I am sure you all have seen those heart-sickening pictures of dead albatrosses on the beaches of the Galapagos Islands. Between what remains from their deck of feathers, plastic bottle caps are bulking out of their stomachs. The issue of plastic pollution in the world’s oceans is reaching alarming rates with far-reaching impacts. It seems that finally, the issue has reached the greater public thanks to mind-boggling footage in documentaries like the Plastic Ocean, and the renowned BBC series Blue Planet II. Better late than never. If the little sea turtles tangled up in an abandoned fisher net didn’t pull you over the line, the danger of microplastics building up in the fish on your plate surely should get you onboard the fight against ocean plastics. But you might be wondering… where to start?
I’ll be honest. I didn’t have a proper answer myself before researching this blog post. So I called in my best advisor — Google. It quickly became clear that data on ocean litter is rather scarce –given the size of the problem–, scientific studies diverse in their methodologies, and conclusions mostly indicative. So mind you, the numbers presented in this blog post have to be taken with a grain of sea salt.
It seems like a good idea to find out the location where plastic becomes ocean plastic. The origins of the reportedly 8 to 10 billion tonnes of plastics that find their way into the open sea per year are diverse. On a weight basis, it looks like fishing activities contribute most to ocean littering in the form of fisher nets, lines, and abandoned buoys. A large share of the waste is hence created at sea itself during aquaculture, shipping, and fishing activities. Conclusion: a first frontier of the war on ocean plastic is the marine industry itself.
About 30% of the waste, by weight, comes from consumer goods like bottles, styrofoam food packaging, plastic bags, and buckets. Contamination mainly happens in coastal regions, through beach littering, mismanaged waste treatment of coastal cities, and rivers helping both waste from further inland and the region close to the estuary find their way to the sea.
Researchers recently showed that 10 rivers are responsible for about 85-90% of the world’s (land generated) waste ending up in the ocean. And eight of those rivers lie in Asia, while the other two lie in Africa. Numerical modeling reanalysed with large-scale measurement data from the Ocean Cleanup initiative showed a clear correlation between population density in coastal regions, its waste treatment ratio, and plastic debris dumped into the ocean via rivers. Even so, the densely populated coastal areas in Asia seem to litter their surrounding waters more than proportionally. One of the most impactful measures to stop plastic ending up in the oceans is hence reducing waste mismanagement and low public awareness in those countries.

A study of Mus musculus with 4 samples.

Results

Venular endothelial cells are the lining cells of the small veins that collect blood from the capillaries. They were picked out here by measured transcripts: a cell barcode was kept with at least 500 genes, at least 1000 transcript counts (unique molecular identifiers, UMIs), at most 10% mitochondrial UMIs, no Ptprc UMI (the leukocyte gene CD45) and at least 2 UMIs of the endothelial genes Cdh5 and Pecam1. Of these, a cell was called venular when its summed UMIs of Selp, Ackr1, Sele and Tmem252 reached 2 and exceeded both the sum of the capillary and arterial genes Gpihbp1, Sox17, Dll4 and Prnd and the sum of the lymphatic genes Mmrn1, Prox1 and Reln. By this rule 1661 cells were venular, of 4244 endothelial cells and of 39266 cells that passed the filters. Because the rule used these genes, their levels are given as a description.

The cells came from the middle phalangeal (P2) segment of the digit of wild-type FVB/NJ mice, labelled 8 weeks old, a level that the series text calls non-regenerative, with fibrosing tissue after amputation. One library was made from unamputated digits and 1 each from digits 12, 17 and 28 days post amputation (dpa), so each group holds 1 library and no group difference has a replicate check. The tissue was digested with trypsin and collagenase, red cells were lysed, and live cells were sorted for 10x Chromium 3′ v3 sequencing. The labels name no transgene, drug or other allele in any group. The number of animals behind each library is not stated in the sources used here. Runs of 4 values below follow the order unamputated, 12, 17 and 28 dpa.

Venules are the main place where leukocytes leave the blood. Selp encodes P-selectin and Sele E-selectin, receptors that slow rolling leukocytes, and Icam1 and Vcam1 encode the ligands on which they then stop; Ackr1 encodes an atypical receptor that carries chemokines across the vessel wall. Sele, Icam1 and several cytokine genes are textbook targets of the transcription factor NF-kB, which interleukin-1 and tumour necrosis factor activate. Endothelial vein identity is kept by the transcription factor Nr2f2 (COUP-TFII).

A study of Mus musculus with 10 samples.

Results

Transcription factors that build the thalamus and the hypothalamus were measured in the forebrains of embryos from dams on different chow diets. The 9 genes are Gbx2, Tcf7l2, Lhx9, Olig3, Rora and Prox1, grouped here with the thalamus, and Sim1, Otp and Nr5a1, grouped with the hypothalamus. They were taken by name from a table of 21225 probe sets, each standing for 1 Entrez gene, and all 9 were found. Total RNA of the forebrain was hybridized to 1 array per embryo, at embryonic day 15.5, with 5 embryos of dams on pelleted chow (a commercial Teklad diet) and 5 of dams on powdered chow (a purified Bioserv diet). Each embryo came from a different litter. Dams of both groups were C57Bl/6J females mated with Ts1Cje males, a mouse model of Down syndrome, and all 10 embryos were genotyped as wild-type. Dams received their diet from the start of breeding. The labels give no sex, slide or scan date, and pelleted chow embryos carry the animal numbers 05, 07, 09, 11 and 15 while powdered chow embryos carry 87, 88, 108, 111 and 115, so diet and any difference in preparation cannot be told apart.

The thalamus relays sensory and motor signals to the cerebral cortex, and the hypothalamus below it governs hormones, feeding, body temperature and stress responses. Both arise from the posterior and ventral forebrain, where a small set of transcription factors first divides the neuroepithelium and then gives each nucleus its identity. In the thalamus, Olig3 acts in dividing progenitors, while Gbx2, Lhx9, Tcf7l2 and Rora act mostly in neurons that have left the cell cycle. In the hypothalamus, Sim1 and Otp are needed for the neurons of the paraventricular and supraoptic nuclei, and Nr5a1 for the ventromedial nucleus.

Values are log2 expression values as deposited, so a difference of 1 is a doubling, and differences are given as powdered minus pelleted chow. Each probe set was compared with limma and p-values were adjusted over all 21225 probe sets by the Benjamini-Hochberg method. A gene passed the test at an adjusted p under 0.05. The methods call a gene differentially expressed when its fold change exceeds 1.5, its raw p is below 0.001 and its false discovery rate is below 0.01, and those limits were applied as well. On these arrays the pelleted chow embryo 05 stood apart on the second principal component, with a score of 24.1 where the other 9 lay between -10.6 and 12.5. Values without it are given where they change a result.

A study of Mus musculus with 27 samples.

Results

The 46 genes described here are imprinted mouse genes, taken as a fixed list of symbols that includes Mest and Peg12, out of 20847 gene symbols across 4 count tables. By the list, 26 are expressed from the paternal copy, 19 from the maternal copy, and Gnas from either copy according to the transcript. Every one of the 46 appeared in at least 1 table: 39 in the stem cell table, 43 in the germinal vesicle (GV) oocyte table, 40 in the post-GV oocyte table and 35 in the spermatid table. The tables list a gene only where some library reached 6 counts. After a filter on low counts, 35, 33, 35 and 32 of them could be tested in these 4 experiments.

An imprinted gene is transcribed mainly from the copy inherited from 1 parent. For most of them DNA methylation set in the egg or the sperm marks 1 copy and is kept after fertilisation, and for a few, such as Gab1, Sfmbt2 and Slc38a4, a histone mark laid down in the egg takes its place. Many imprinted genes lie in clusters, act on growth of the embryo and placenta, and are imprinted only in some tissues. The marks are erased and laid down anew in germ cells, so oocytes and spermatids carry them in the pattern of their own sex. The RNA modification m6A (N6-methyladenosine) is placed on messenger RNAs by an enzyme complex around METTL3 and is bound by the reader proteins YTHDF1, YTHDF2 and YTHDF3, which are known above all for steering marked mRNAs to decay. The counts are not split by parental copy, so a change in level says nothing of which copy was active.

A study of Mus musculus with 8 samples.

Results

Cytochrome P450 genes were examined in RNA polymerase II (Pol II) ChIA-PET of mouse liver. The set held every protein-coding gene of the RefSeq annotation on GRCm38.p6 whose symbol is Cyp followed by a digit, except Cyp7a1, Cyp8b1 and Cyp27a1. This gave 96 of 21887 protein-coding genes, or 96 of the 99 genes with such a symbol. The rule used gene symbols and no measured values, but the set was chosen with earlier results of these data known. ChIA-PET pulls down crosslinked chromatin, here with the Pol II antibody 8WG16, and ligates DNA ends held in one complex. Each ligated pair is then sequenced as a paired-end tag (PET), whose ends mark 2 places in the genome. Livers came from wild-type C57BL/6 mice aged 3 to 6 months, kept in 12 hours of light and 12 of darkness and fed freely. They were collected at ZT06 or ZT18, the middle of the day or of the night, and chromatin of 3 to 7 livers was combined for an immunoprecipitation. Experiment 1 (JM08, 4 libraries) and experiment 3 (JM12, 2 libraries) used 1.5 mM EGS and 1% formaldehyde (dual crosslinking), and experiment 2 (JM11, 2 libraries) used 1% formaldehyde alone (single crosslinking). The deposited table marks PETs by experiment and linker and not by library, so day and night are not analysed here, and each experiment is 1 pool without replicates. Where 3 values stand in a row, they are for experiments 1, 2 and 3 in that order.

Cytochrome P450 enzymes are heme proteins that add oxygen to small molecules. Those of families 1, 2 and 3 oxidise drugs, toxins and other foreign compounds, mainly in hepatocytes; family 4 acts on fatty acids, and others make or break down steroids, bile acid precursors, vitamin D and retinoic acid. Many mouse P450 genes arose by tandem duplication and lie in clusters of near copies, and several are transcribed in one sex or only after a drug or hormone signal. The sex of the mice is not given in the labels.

Does that mean Europe and the US can rest on their laurels? You wish! First of all, analyzing ocean debris by weight only tells half of the story. Macroplastics (roughly speaking everything larger than 50 mm in diameter) literally outweigh microplastics (everything smaller than 5 mm), but they do not outnumber them. It is currently believed that those swarms of tiny little plastic particles are far more hazardous than the macroplastics. They end up in smaller fish, which form the first step of the marine food chain.
And now it happens to be so that Europe and the States create proportionally more of those nasty microplastics. This shouldn’t come as a complete surprise. Microplastics are created by the wear and tear of car tires, are released during the washing of textiles, released from painting on buildings and roads, and found in cosmetic products like face scrubs. And countries with more wealth seem to have more of all of those.
But if you are a bit like me, not driving a car, trying to avoid doing the laundry as much as possible, and not using face scrubs with microbeads, what else can you do have an impact on ocean plastics in a country like Belgium that has high waste management levels?
A very compelling argument to me is that 95% of the headquarters of the top 20 plastic manufacturing companies and 85% of the top 20 consumer goods companies are based in Europe or the States. Hence, it’s the place to be to pressure leadership of multinationals to change the game. Circular economy practices can bring about fast and far-reaching change without having to wait for behavioral change of the masses — which is undoubtedly necessary but typically takes a few decades (let’s face it).
So… where should you now focus your personal fight against ocean plastics? The answer clearly depends on where you live and work. Active in the marine industry? Launch a call for responsible fishing and shipping practices. Living in Asia? Lobby for better waste management infrastructure. Based in Europe or the States? Push leadership of multinationals to rethink plastics from scratch. Wherever you are, an entrepreneurial spirit and good dose of creativity will get you far!